Supreme Court Justice Clarence Thomas “contradicted” the facts of recent allegations made against him in his own explanation, according to Representative Alexandria Ocasio-Cortez, a New York Democrat.
Thomas, who was confirmed to the Supreme Court in 1991, is accused of taking numerous vacations with his wife, Ginni Thomas, over the past two decades paid for by billionaire Republican donor, Harlan Crow. The revelations, uncovered in an extensive report from ProPublica, prompted alarm from many observers that the gifts and payments from Crow violated Court rules and may have swayed the justice’s rulings on some cases.
In a response to the report, Thomas said he had simply been taking trips with Crow as a close personal friend. He added that he was advised early in his time on the Court that the trips did not rise to the level at which he should have reported them, and further pledged that he would do so in the future.
“Harlan and Kathy Crow are among our dearest friends, and we have been friends for over twenty-five years,” Thomas said in a statement previously obtained by Newsweek. “As friends do, we have joined them on a number of family trips during the more than quarter century we have known them. Early in my tenure at the Court, I sought guidance from my colleagues and others in the judiciary, and was advised that this sort of personal hospitality from close personal friends, who did not have business before the Court, was not reportable.”
Thomas’ critics remain unconvinced by his explanation and are calling for further action against him, including possible impeachment proceedings. Among them is Ocasio-Cortez, who discussed the matter on CNN’s State of the Union on Sunday.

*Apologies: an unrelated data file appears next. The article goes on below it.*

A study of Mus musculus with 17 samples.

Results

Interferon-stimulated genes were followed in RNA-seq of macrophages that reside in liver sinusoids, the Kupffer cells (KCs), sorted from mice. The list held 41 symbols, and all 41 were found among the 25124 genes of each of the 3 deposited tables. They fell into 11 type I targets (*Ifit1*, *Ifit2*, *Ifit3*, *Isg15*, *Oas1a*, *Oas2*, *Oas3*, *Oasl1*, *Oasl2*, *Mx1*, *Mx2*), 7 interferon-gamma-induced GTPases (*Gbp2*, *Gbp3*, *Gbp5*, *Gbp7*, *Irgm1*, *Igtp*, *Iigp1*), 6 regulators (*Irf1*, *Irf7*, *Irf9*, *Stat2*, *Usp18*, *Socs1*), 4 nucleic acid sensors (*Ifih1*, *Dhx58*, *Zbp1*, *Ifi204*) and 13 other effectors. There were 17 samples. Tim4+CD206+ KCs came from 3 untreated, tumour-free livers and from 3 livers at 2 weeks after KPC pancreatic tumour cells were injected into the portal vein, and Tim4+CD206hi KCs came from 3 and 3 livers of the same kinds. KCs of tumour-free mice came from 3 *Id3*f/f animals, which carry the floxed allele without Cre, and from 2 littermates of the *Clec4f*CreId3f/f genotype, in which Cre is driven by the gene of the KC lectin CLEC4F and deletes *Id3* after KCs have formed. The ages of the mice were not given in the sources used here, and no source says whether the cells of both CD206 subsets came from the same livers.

“I think that his own statement contradicts many of the facts on the ground, and also raises in other ways even more serious questions,” the Democratic congresswoman said. “Later on in his statement, he stated that the reason and the rationale for the exemption was ‘personal hospitality’ from an old friend. And he said himself in his statement, a friend of 25 years. Justice Thomas has been on the Court for [over] 30 years.”
She continued: “And so to say what he is admitting in his statement in an attempt to defend himself is that he began this relationship with a billionaire, and receiving these sorts of gifts, after he was appointed to the Supreme Court of the United States. I think that, in and of itself, indicates a very, very serious problem.”
Ocasio-Cortez further argued that Thomas’ explanation that he sought counsel from his colleagues about the relationship with Crow implicates other members of the Court. She said that Chief Justice John Roberts should come forward and say whether or not he believes situations like the one Thomas finds himself in are acceptable for justices on his Court.
The congresswoman has voiced support for bringing impeachment proceedings against Thomas, and said that she may draft articles herself if the process does not otherwise begin.
Newsweek reached out to the Supreme Court’s public information office via email for comment.